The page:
Polaroid's future picture clouded
Polaroid products
Polaroid products face competition from one-hour photo shops and digital cameras
Polaroid, the firm that invented instant photography, is discussing a debt-restructuring plan and may be giving serious consideration to filing for bankruptcy, the Wall Street Journal has said.

Following mounting losses, the company is under fire from its creditors and sorely needs to come up with a plan to prop up its sinking share price.

Graph showing Polaroid profits

Polaroid's other options include selling business units as well as its assets.

The news comes as the company struggles to transform itself into a digital-imaging company.

A company spokeswoman told the Wall Street Journal the company is exploring a "variety of alternatives," but did not elaborate on what they might be.

Third reprieve

Polaroid's creditors are prepared to grant a waiver on the company's debt, which exceeds $1bn, with assurances the company will find a long-term solution to its problems.

It is the third such reprieve this year, the newspaper reported.

The spokeswoman said the company is "optimistic" about getting an extension.

Polaroid's debts - part of which come due on Thursday in the amount of several hundred million dollars - could become immediately due if it is not granted the waiver.

Missed opportunities

Polaroid's failure to move beyond its core instant-photography business is often cited as the cause of its current woes.

I-Zone camera
Polaroid shares have fallen over 50% this year

Analysts say the company rested on its laurels for far too long and failed to anticipate competitive challenges such as one-hour photo shops and digital cameras.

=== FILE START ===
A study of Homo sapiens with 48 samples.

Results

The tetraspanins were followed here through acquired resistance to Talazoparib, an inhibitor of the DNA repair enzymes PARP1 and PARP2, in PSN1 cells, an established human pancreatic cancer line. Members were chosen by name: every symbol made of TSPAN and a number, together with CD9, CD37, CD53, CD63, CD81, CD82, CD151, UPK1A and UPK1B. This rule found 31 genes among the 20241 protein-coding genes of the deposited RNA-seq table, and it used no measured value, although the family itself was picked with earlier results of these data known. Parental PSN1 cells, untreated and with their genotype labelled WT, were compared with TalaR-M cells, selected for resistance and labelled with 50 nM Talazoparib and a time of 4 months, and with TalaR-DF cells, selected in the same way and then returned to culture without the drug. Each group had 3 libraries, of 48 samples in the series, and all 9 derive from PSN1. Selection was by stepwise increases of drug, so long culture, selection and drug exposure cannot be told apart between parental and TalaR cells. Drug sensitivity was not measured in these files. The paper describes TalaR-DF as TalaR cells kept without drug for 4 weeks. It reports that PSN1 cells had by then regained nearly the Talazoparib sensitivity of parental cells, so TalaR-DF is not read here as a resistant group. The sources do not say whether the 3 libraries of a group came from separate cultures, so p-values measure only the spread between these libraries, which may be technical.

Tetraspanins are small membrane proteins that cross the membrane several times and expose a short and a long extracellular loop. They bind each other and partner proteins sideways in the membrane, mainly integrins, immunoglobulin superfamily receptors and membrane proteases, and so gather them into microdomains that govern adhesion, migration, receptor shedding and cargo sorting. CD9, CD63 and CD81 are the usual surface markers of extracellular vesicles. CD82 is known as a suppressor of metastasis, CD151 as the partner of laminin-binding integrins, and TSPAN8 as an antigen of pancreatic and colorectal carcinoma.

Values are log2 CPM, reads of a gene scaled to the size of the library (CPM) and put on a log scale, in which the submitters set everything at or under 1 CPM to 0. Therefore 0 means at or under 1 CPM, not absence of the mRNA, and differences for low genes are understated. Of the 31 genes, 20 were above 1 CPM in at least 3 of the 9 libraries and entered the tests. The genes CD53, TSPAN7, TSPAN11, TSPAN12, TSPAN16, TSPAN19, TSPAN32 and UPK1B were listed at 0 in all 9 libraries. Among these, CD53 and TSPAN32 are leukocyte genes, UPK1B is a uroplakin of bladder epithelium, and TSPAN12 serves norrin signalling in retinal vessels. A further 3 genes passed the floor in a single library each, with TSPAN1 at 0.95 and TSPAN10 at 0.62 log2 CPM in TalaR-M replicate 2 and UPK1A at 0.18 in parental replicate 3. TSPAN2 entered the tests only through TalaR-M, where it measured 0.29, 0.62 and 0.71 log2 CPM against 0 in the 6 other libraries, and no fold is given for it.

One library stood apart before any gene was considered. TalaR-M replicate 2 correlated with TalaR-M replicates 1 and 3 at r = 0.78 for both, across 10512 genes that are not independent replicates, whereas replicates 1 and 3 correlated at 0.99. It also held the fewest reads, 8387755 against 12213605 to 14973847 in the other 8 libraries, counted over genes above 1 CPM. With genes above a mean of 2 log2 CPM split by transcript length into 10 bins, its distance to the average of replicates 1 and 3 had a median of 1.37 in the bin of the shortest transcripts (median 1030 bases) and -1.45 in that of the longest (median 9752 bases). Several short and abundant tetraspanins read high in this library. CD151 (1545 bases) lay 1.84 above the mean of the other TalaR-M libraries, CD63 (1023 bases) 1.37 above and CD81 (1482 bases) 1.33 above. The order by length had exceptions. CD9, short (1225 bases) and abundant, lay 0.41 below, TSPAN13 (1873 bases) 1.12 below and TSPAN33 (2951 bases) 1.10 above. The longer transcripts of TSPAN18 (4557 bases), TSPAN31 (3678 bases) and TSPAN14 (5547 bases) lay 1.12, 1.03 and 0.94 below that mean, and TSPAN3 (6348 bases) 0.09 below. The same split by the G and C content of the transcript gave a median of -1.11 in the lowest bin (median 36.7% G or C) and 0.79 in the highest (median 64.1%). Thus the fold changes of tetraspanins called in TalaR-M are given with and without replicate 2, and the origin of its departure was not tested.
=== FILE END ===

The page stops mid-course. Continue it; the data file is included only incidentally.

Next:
But it is not an assessment all who cover the pioneering camera firm agree with. "The magic is still there," Buckman Buckman & Reid analyst Ulysses Yannas told the BBC.

Mr Yannas says much of Polaroid's instant photography business still enjoys big demand from law enforcement and the insurance industry.

"Polaroid film is still the only thing that the courts will accept as evidence because you cannot alter it," he says, adding that digital photography is particularly vulnerable to alteration.

"Once [a Polaroid] shot is made, that is it," he says. "Original and negative are the same thing."

Mr Yannas also pointed to new initiatives the company has launched that will allow it to resume profitability, including one that would allow consumers to print digital photos instantly on Polaroid film.

That, Mr Yannas says, is where the profits lie, "in the film - not the cameras."

Deadline looms

But with Thursday's deadline looming, and little certainty about what may happen, Polaroid's future is still very clouded.

Still, there is not much else the company can do.

After years of cost reductions, Polaroid has little fat left to cut, people familiar with the company told the Wall Street Journal.

One possible alternative is a "pre-packaged bankruptcy" filing, in which the company and its creditors would agree on a plan to rework outstanding debt, then take the plan to bankruptcy court.

In June, Polaroid said it intended to cut 2,000 jobs on top of the 950 positions it announced in February.

Last year, the company sold several real estate assets, including its headquarters building in Cambridge, Massachusetts.